So, you went ahead and did it. You designed a driving protocol, designed the roadway environment, tested the drive to ensure it worked as intended, allowed a bunch of test subjects to experience all your hard work, and finally ended with a whole bunch of data files.
Now what? What are you supposed to do with all this data??!
Don’t worry, you’re not the first, and won’t be the last, to have this thought. Fortunately, there are tools available that can help turn this daunting chore into a manageable task.
Scripting: Turning Data Into Gold
The approach to data can be summed up in one word: scripting. The ability to have an automated process greatly simplifies the data reduction task (not counting the frustration realized when creating your script and debugging it) for several key reasons:
- You handle huge data sets easily. Once the script has been fully vetted, you can feed all your data files into it and within minutes have a populated data set.
- It is an ideal environment for playing “what if” games, especially if your metric uses thresholds. This is because you can easily change the threshold and create a brand-new reduced data set in minutes.
- It allows you to try implementing more complex data-reduction techniques (wavelets or steering entropy anyone?).
- Many times, previous scripts can be reused with modifications to reduce your current data set. This means that the initial pain of coming up with the script happens once and then you spawn new versions of it with minimal modifications to handle different data.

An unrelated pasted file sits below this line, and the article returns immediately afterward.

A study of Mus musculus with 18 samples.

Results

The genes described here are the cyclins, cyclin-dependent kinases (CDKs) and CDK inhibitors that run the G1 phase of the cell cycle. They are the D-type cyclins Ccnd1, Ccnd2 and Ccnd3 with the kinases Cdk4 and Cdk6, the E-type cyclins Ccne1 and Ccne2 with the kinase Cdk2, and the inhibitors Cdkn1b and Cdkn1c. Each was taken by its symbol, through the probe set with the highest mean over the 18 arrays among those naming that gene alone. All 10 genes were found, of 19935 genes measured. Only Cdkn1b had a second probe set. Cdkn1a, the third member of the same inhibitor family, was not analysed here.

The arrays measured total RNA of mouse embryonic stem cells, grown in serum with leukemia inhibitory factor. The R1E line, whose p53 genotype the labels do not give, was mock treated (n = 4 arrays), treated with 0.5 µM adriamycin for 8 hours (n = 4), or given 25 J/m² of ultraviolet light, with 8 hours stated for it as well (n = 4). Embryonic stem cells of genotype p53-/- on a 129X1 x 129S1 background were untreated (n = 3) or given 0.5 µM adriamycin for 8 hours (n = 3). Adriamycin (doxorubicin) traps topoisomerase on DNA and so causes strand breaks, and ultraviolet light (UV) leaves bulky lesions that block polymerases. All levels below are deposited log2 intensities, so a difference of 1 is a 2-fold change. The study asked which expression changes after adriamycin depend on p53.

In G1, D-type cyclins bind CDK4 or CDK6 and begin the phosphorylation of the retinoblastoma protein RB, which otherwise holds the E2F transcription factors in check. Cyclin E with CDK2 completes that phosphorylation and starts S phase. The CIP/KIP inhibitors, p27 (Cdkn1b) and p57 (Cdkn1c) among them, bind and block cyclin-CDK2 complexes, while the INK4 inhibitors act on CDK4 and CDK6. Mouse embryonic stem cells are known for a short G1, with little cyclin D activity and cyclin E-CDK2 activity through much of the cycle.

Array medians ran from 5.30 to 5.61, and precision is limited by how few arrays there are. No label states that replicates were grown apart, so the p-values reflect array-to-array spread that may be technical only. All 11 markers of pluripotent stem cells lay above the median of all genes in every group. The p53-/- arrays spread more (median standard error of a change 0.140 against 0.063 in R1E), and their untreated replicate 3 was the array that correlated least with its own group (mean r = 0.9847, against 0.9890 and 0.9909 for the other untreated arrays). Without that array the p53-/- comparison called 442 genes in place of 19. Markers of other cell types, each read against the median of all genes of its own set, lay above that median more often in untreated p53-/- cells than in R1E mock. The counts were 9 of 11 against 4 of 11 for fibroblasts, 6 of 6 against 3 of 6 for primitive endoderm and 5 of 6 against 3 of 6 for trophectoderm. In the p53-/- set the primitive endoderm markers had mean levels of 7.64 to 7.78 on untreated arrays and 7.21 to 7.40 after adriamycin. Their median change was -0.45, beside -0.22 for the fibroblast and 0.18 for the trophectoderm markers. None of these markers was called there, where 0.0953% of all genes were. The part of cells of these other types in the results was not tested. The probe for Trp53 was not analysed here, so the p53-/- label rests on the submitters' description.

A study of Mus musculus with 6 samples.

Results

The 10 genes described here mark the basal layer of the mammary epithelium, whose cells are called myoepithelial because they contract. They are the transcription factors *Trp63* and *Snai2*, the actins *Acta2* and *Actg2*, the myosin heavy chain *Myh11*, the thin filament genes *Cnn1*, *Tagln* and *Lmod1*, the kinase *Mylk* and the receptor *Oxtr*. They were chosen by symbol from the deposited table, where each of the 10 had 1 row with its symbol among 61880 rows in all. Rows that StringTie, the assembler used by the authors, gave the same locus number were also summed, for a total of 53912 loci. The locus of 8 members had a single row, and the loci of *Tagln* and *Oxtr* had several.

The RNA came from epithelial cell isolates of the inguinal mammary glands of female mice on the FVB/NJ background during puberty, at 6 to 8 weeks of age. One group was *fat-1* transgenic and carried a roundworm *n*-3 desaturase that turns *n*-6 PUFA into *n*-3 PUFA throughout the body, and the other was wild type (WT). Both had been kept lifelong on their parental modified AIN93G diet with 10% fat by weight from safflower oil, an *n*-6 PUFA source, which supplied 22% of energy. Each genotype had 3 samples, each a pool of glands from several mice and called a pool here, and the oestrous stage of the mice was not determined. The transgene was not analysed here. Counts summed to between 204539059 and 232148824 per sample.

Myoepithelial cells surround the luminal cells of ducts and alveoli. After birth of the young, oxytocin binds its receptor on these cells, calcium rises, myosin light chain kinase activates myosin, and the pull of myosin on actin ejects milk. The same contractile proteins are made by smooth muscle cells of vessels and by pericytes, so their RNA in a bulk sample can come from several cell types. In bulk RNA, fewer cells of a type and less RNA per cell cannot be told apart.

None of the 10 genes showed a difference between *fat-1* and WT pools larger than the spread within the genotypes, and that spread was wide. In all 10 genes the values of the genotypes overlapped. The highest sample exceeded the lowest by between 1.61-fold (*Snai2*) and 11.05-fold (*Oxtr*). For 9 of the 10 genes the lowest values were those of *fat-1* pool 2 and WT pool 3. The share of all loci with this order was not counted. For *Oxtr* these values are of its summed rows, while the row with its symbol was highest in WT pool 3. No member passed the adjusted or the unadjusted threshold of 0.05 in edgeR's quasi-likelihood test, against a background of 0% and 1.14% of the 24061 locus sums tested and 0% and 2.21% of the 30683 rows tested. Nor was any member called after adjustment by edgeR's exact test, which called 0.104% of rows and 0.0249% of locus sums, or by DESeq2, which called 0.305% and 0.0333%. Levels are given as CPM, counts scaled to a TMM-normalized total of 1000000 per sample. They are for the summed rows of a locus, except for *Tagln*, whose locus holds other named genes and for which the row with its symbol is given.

Scripting: What’s It Good For, Really?
Okay, you get it, scripting is good, but what exactly is it? This is where it gets a tad more complicated because you will actually have to write some code (or find someone to write the code for you) in a scripting or programming language (Python, Visual Basic, Visual Basic for Applications (VBA), MATLAB, etc.). The code that is written will do the following things:
- Open and parse a specific STISIM Drive data file (which you learned about in our previous blog) into its constituent parts.
- Search through the parts for the data required (so you don’t have to!).
- Using mathematics, logic, some Voodoo, or even black magic, use the desired data found in step 2 to compute your desired metric.
- Save the newly computed metric in to a cell for some matrix structure that tracks the metric and the driver.
- After the entire matrix has been populated, export the file to your preferred statistical analysis package for subsequent statistical analysis on the data.
My personal choice for raw data manipulation (I don’t do much with statistical analysis) is to write macro files using the internal VBA that is built into Microsoft Excel. In my humble opinion there are numerous good reasons to take this approach:
- Excel and VBA have been around a long time and the language has not changed very much so that it is stable.
- It is easy to learn and there are millions of examples available on the web.
- Excel is a spreadsheet program that, ahem, excels at matrix organization with its cell structure and the ability to create and populate multiple pages in the same spreadsheet.
- We provide some examples spreadsheets that demonstrate the most efficient ways to parse and handle data. These can be found in the STISIM Drive Tools folder. There is also a discussion of how to use these example spreadsheets in the Data Manual found in the STISIM Drive Help folder.
While this process may seem daunting, especially the first time you dive into it, learning to write scripts (in whatever language you are most comfortable in) is definitely worth your time. It will open doors for you, helping you become a master data manipulator, which can only help you as your career progresses.